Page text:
Breaking the Ice: Nick Newbold

By Delaney Rigdon

Massachusetts native Nick Newbold began playing hockey when he was six-years-old. He always knew he wanted to play ice hockey because growing up, he watched his older brother play roller hockey. 

“Being around him at such a young age while he played goalie got me really interested in the position because of how cool his equipment was,” Newbold said. “After that I wanted to learn how to skate and tried playing different positions but always went back to being a goalie like my brother.”

When first starting out in the sport, there were several positions available, but he fell in love with the goalie position because of his brother’s experience in the same position in roller hockey. 

“My brother moved away when I was very young, so I didn’t see him play a whole bunch, but I think just the excitement of wearing all the pads and different equipment pushed me into the position,” Newbold said.

The fifth-year finance major did not have an easy road to get here and he didn’t know where his hockey career would take him. 

Newbold was not originally planning on attending the University of Georgia until he met with head coach John Camp. 

Camp showed him the ins and outs of the program and school, which led Newbold to visiting the Classic City and his second home. 

He said that he originally wanted to go to a small to medium sized school and UGA wasn’t on his radar. 

“I was put in touch with Campy to meet and he sold me on the idea of coming to this school,” Newbold said. “Once I visited, saw the campus and met a few of the guys on the team at the time, I knew that I was going to have an experience of a lifetime. To be able to go to a school like UGA and be able to represent the red and black on the ice is something I’ll cherish forever.”

Newbold always knew he wanted to play hockey at a collegiate level, as is the aspirations of many players. But when playing at the next level became a reality, Newbold had to pick up and move over 15 hours away from home.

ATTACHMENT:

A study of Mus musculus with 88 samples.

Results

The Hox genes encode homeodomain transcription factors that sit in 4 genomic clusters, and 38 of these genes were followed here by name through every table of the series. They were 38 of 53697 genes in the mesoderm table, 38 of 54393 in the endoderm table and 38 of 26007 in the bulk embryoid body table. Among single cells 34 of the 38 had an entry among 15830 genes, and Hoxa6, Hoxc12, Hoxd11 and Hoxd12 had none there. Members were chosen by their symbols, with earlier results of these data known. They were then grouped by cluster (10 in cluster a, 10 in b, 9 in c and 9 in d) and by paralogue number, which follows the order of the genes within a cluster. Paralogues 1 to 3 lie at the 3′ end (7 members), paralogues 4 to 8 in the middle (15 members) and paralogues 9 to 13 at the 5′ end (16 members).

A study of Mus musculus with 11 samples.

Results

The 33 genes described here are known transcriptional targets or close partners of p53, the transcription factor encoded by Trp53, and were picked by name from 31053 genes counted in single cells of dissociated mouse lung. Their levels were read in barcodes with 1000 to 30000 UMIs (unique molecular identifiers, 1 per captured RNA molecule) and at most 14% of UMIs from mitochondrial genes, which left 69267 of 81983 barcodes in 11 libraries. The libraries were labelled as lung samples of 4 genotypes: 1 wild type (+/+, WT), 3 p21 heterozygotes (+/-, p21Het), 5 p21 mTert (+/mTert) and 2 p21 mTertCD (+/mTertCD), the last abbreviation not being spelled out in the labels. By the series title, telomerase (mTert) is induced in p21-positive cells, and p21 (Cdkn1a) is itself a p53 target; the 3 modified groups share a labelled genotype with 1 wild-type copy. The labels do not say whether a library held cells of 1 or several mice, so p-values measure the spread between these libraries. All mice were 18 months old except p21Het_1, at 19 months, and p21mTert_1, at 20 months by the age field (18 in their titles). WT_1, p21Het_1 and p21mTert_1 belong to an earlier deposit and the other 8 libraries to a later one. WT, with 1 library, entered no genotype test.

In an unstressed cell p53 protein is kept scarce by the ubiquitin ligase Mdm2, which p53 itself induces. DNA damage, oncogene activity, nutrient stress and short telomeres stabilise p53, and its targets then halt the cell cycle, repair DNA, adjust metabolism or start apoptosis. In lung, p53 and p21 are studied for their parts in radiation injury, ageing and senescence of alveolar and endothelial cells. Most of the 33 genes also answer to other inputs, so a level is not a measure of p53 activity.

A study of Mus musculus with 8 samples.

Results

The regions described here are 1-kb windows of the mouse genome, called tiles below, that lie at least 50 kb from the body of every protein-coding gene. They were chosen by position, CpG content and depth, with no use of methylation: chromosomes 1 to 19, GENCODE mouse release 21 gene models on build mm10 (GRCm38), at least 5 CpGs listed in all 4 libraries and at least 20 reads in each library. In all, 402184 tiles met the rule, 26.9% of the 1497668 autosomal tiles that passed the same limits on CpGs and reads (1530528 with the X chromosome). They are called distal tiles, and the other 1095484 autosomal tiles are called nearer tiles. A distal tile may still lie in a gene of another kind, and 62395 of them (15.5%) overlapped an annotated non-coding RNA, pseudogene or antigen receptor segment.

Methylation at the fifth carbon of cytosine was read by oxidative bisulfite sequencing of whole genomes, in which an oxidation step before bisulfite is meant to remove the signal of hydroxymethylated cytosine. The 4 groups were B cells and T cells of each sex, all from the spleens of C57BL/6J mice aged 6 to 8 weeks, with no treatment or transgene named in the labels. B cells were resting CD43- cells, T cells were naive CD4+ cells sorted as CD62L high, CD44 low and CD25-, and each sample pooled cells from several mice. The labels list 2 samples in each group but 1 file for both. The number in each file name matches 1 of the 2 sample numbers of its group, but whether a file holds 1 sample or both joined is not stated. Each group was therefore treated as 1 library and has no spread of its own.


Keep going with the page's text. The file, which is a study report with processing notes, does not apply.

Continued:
Moving from Bourne, Massachusetts to Athens, Georgia presented a significant challenge, transitioning to a city where he only knew a few individuals.

Previous captain and club president Cameron Campbell was the one to introduce Newbold to the rest of the team. From there, he made friends with his teammates quickly and was a major part of his success in the new area. 

“Having the team to support me, my friends back home and my family – like my mom, who is probably my biggest supporter – so having them there to help me along the road really helped me to get where I am right now,” Newbold said.

This loving support system is what ultimately motivated him to continue pursuing his goals amidst the challenging distance from home. 

Though Newbold’s time with the Ice Dawgs is slowly coming to an end, it is essential to point out his exciting career at Georgia. 

From the start of his career at Georgia, he has been a part of the 2022 CHS Championships, several Tech slaughters, two Nationals visits and rivalry games.

“The CHS championship was the product of a year’s worth of hard work and dedication from our entire team, and to be able to be rewarded for all of that effort that we collectively put in makes me so proud to be a part of that team,” he said. 

Newbold said that Georgia Tech is one of the team’s biggest rivals and the victories always feel great, no matter if it is in Athens or on the road.

“The Nationals trips are the big send off for the year and to see the team lay everything they have on the ice to fight for another day is always an exciting time and gives us a shot to become the next national champions,” Newbold said.

While this chapter is coming to a close, he is looking forward to moving into a career in either commercial banking or financial planning. 

But before he thinks about that, he still has several games with the Ice Dawgs to look forward to. 

“I think the things I’m going to miss the most are the locker room and bus ride antics that bring us so close as a team. Alongside that, I think the anticipation of upcoming game days. Being able to share so many great memories from playing at home in Athens in front of sold out crowds, to going on day-long road trips with the guys are going to be something I will remember forever. Also, the good-nervous feeling that you get from a new game coming up and the anticipation to get on the ice is something that has always brought me back to the game of hockey and I will miss that about playing here at UGA,” Newbold said. “I’m an emotional person so I’m not going to look forward to the feeling I will have inside after that last buzzer goes off. It’s a symbol of the end of my career here at UGA, which has seemed to come way too soon, but I am also excited to move into the next stage of my life after UGA.”